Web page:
Mike Cowell tore his elbow ligament back when he pitched for Shelton High School. The pain isn’t sharp, he said, but it’s persistent.
But what caused it?
“Certainly, I think there were some mechanical flaws that had to be fixed, and I think that still have to be fixed,” Cowell said. “When you look at the stress that you put on your arm when you throw a baseball, anybody’s elbow or shoulder is a ticking time bomb.”
The National Federation of High Schools is taking aim at overuse in an effort to save kids from arm injuries.
Last June, the organization called on each state to provide mandatory rest for pitchers based on how many pitches they threw in their last start.
Connecticut is following suit, and is trying to limit pitch counts.
Fred Balsamo is the director of the state baseball tournament for the CIAC -- the state's governing body of high school sports. He said the CIAC consulted doctors before making its ruling, and it has mandated a new rule for 2017: there’s no firm limit to the number of pitches that can be thrown -- but the more a pitcher throws, the more rest the rule requires.
“We’ve allowed the coaches to pitch their kids wisely and save arms as they need to, so that they have pitching throughout the course of the season, or in a short span,” Balsamo said.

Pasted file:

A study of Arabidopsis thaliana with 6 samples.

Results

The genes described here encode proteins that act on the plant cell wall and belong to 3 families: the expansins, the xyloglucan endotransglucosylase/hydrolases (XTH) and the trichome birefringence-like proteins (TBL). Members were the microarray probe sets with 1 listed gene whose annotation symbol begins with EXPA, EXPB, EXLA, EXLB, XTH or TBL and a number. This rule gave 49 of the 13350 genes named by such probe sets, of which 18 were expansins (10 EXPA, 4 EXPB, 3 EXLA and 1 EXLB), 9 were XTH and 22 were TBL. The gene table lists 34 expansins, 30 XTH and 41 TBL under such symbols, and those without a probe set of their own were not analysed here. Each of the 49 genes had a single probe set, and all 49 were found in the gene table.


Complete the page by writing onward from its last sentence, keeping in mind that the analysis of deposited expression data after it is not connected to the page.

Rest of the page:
But Dr. Keith Penney said there’s no magic number of pitches, and that learning to throw the right way can also help avoid surgery.
Penney is an orthopedic surgeon at Charlotte Hungerford Hospital in Torrington. He estimated that he does eight to 10 elbow ligament reconstruction surgeries -- also known as Tommy John surgeries -- per year.
He thinks the responsibility falls on parents and coaches.
“It’s still a very subjective thing, because they have to know their kids, really pay attention to mechanics and fatigue, and see signs that the kids are struggling, despite pitch counts,” Penney said.
Cowell, now a red-shirt freshman who pitches for Fordham University, underwent surgery on his elbow shortly after graduating in 2015. While he thinks pitching restrictions can help pitchers from being exposed to injury, he said that he rarely threw a high number of pitches when he was in high school.
“I went over 100 pitches one time,” Cowell said. “So, pitch count was never really an issue. Surgery or anything that happened to me was not a coach’s fault or being overused, it was just something that happened.”
In Vermont, the rules have been in place for 10 years, and are similar to Connecticut’s -- except a coach is not allowed to keep a player in for more than 120 pitches, unless the player is finishing an at-bat.
Patrick Greenan pitches for St. Johnsbury, a defending Vermont state champion.
“I’ll do whatever it takes to help the team win,” Greenan said. “I don’t really have any preference. I haven’t really even gotten up that high very often, so I haven’t had any issues with it.”
Penney, the Connecticut orthopedist, is the father of three teenage boys, including a pitcher. He said parents should use common sense. Form matters. But a couple hundred pitches in a week is just too much.
“Despite what the pitch count rules are, I think there is a limit that you have to adhere to, but you also have to know your individual athlete and I would be very hesitant to let them throw that much,” Penney said.
Connecticut’s pitching restrictions are in place under a one-year review. Coaches manually enter number of pitches per appearance into a computer after every game, which will help the state enforce the rule, and collect data that will help it either keep the rule or modify it.